Pacific trade deal hailed
Australian farmers will benefit from wider market access after a landmark trade agreement with Asia Pacific nations.
The Trans-Pacific Partnership builds on existing trade agreements, further reduces trade barriers and creates new export opportunities for food and fibre.
It includes some of the world's biggest economies - the US, Japan, and Canada - as well as Brunei, Chile, Malaysia, New Zealand, Peru, Singapore, Vietnam, Mexico and Australia.
Agriculture Minister Barnaby Joyce said the TPP provided significant advantages for Australian agriculture, with major improvements to access for beef, dairy, grains, cotton, sugar, horticulture, rice, seafood and wine across 11 countries, five of which are among Australia's top 10 trading partners.
Australian farmers exported about $15 billion of agricultural goods to TPP countries in 2014, representing about a third of total exports of agricultural products, and this is set to increase as a result of the agreement.
The TPP will eliminate 98 per cent of tariffs on Australian exports to TPP countries and create longer-term benefits for Australian farmers beyond those that can be achieved in bilateral free-trade agreements, especially in the three countries where Australia has no agreements in place - Canada, Mexico and Peru.
Over time, the TPP will also provide an opportunity to include other economies in the Asia-Pacific, according to the National Farmers Federation.
Although the agreement does not deliver on the aspirations of all industries, Mr Joyce said he was pleased with the outcome.
"The negotiation isn't an endpoint - it's a beginning of a new relationship with TPP countries and one which we will use to continue to press for improved market access for our producers and exporters," Mr Joyce said.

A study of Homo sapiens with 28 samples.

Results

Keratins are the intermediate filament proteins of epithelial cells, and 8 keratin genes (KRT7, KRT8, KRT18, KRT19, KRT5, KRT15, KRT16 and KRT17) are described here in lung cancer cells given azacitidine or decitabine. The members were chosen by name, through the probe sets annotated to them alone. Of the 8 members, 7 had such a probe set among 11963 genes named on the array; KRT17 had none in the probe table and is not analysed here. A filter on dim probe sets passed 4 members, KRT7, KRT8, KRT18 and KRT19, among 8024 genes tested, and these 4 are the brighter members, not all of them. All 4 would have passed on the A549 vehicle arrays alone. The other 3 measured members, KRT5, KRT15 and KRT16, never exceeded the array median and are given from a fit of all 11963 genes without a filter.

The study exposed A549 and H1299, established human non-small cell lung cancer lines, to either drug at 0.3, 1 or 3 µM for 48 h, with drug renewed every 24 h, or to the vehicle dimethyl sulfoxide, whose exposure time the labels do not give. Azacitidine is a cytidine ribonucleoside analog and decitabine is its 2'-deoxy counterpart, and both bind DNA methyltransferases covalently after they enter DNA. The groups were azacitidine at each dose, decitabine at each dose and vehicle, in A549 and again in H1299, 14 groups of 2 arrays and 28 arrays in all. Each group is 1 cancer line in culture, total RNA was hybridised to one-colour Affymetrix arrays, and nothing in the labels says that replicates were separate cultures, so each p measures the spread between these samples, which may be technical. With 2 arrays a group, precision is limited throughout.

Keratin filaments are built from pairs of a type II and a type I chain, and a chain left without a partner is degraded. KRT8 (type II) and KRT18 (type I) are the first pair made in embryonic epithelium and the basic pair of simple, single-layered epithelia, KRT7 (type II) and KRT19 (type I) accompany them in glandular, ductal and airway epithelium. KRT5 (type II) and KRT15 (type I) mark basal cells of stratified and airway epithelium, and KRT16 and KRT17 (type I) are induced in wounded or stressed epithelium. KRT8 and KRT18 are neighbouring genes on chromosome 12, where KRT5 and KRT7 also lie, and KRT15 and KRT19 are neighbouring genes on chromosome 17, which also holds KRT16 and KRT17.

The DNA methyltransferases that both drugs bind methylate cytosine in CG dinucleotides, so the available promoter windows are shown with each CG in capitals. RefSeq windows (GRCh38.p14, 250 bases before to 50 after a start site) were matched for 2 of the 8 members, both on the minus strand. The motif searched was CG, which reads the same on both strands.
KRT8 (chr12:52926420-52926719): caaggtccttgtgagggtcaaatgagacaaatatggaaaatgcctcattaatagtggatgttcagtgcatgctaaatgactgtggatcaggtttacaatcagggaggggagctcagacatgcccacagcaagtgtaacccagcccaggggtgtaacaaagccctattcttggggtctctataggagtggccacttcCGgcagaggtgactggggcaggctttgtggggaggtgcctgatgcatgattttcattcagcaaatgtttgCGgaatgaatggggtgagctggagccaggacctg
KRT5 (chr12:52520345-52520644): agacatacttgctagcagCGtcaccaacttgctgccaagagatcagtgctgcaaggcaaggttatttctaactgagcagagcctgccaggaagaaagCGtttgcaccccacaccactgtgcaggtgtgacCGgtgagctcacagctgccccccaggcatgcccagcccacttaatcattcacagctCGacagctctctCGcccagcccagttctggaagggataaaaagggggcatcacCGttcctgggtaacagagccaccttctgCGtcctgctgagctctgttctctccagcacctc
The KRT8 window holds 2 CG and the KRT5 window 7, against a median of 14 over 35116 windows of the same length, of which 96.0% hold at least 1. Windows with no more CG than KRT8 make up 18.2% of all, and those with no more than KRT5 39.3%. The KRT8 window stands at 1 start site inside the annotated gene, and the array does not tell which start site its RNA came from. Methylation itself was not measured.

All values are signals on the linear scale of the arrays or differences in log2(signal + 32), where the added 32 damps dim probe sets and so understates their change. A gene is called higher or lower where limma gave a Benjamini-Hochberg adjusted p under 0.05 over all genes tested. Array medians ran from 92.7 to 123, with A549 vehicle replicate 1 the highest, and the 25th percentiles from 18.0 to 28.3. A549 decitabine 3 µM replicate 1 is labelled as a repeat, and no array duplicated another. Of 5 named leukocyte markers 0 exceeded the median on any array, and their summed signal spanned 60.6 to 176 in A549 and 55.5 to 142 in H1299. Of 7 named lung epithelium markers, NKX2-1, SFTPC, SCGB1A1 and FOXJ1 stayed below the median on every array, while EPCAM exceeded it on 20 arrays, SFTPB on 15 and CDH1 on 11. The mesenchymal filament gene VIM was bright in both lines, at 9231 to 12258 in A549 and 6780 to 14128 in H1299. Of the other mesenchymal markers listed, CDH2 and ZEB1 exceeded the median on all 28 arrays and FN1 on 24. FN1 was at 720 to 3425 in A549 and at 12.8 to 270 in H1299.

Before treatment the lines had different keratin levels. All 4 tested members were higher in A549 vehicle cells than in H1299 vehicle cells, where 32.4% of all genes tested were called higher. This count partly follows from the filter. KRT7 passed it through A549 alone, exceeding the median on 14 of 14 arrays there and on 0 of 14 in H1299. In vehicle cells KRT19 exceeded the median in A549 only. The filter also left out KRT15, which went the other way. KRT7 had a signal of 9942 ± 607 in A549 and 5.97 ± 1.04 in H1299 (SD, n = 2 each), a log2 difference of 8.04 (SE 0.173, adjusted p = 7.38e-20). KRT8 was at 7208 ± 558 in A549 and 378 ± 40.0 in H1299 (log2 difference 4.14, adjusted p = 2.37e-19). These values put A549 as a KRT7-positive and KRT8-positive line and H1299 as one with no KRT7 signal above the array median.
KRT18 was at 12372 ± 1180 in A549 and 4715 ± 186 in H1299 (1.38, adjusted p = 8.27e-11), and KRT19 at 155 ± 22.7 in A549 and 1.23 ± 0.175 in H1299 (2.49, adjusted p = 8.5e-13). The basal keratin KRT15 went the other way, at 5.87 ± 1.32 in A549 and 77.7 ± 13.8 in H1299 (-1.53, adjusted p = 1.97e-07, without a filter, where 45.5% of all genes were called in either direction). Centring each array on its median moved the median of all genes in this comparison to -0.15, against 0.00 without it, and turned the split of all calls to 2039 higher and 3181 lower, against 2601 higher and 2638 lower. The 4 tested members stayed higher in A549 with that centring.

·Red meat: Beef tariffs will be further reduced in Japan and Mexico and price safeguards in the US will be eliminated. Tariffs on sheep meat exports to Mexico will be eliminated in eight years and from day one of the agreement coming into effect in all other TPP countries.
·Grain: New quota volumes will be created for wheat and barley exports to Japan under the simultaneous buy-sell mechanism, which were worth about $481 million in 2014. It will also provide new quota access for roasted malt exports, while tariffs on exports of Australian wheat and barley to Mexico will be eliminated.
·Wool: All remaining tariffs on Australian raw wool and cotton exports to TPP countries will be eliminated from day one of the agreement coming into effect and also deliver improved rules of origin for textiles, which will encourage greater demand for Australian fibre products.
·Dairy: The TPP will improve on the Japan-Australia bilateral agreement to eliminate tariffs on certain cheese products, and provide tariff reductions and new quota allocations for other cheese products.
·Horticulture: All Canada's horticulture tariffs and most of Mexico's tariffs will be eliminated on the agreement coming into force and most of Peru's horticulture tariffs (currently up to 17 per cent) after 15 years.